Former England centre Jeremy Guscott and ex-Wales fly-half Jonathan Davies on what to expect when England host Wales on Saturday.
England's new half-back partnership
JD: England scrum-half Lee Dickson is quick, he gets the ball away and helps create quick ball. When he came on against Scotland he upped the tempo and that benefited England. I don't think he's a better player than Ben Youngs but Youngs is struggling to find top form and he's taken his opportunity. It will be a big test for him and maybe we'll find out whether he's international class.
JG: Owen Farrell has pretty good hands and, in his first two games with England, he's knocked over crucial penalties. He doesn't set the world alight with his running ability, he's not overly quick but he'll develop into a more all-round player with time. All he needs to do is be that link person who gets the ball and brings his three-quarters into the game.
My only concern is, is it a bit too early? On the plus side, we're going to find out. But if [England head coach] Stuart Lancaster is honest, Toby Flood is probably the best fly-half in England, and if the best players are fit, they should play. But these are the sort of selections Lancaster will be judged on.
The midfield battleground
JD: England haven't been that creative in their first two games, so Charlie Hodgson is no real loss. Manu Tuilagi brings more physicality to the English backline, which makes it a different tactical game, although Wales will still attack down the number 10 channel, even with Hodgson out and Farrell in.
Wales will use their power to get over the gain line and then use their skills to get on the outside of people, particularly because England will be worried about them using their physicality to come down the middle and condense the defence.
England have got a good back three but has the midfield got good enough distribution skills? I'm not sure. And they've got a new fly-half, a new inside-centre, so they're kind of starting all over again.
JG: It's probably better for the make-up of the team that Tuilagi starts with Brad Barritt in the middle for England. As good as that Welsh back-line is, with those two in the centres, they know they're going to get crunched.
But the Welsh back-line has the crash, bang, wallop and the touch and feel of a pick-pocket. Jonathan Davies' try against Ireland illustrated that perfectly: George North was the crash, bang, wallop and Davies came in like a pick-pocket, took the little offload and skipped over the line.
Welsh superiority at the breakdown?
JD: Speed of ball from the breakdown is crucial. Wales create quick ball, whereas England don't, maybe because of their lack of big ball-carriers.
Wales have got a better balance in the back-row than England, although England number eight Ben Morgan has changed the balance. Maybe if he carries and makes inroads, that can create quicker ball.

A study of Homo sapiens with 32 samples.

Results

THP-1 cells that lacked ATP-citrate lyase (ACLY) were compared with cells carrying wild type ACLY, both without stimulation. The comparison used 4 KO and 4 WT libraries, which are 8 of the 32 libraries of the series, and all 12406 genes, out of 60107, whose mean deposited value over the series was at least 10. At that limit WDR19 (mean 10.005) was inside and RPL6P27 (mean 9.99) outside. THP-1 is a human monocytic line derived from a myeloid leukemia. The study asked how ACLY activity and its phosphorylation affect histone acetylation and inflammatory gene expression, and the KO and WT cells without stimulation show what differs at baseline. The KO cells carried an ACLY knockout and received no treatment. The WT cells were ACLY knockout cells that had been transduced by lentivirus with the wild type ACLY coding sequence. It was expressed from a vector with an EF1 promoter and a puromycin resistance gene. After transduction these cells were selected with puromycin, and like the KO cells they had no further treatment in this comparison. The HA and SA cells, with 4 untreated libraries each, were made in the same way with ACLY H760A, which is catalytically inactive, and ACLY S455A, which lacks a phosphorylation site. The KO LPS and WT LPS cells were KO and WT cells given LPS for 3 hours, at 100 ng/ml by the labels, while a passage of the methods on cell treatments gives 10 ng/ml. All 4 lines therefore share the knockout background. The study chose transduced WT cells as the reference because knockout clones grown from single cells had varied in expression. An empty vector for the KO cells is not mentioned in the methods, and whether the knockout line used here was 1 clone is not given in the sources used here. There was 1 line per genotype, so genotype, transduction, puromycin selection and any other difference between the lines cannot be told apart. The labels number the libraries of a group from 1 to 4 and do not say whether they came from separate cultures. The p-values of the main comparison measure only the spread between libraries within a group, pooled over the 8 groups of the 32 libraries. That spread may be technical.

JG: Although Adam Jones and Gethin Jenkins are arguably the best tight and loose-head in world rugby, the English pack is unlikely to get outplayed at the set-piece. So the breakdown will be crucial and Wales definitely have an advantage with Sam Warburton being an out-and-out open-side.
If Morgan gets the ball on the front foot it's going to take two of them to stop him. Tom Croft is quick, Chris Robshaw has got a battery on him that goes forever, but Warburton is likely to be at the breakdown at crucial times.
Will Wales cope with favourites tag?
JD: Welsh fans always think they're very good but always think they're going to lose. That's a mental psyche, and not only do the supporters think like that but previous teams have thought that, too.
But I think this side is more composed and more mature. They did very well at the World Cup but were sorely disappointed they didn't go further.
JG: I'm not too interested in the fact Wales have only won twice at Twickenham in 24 years. This is a young Welsh team who haven't been through any of that. They're interested only in England for 80 minutes.
They're not in a dissimilar position to England a few years before the 2003 World Cup. So many of this Welsh side are 20-25 and it's phenomenal to have so many good players so young. I think they'll be competing at the World Cup in 2015 and may, some day, become top dogs.
Who has the edge?
JD: Wales played well in beating Ireland and, against Scotland, they made the most of two yellow cards. And that is the difference at international level, the mental side: when you've got your foot on an opponent's throat, you've got to finish a side off.
Wales have played two tough games and come away with results. They're playing a nice brand of rugby and their defence is very good. I'm confident if this side plays well they will win, and I haven't said that very often about a Welsh side playing at Twickenham. If Wales get the set-piece right they could win more comfortably than people think.
JG: The major difference between Wales and England is how they run with the ball: the Welsh run as if they are trying to smash through a concrete wall whereas England have not been able to generate that momentum and ferocity in attack.
This Wales side has been together for some time now and the players feel comfortable in each other's company on the field. And if you look at sides that have won Grand Slams in the past, they've always had players in top form.
North is in the form of his life, as are a few of their backs, and I can't see that diminishing. The mood they're in they'll think they're just about unstoppable. Of the two, Wales are simply the form side.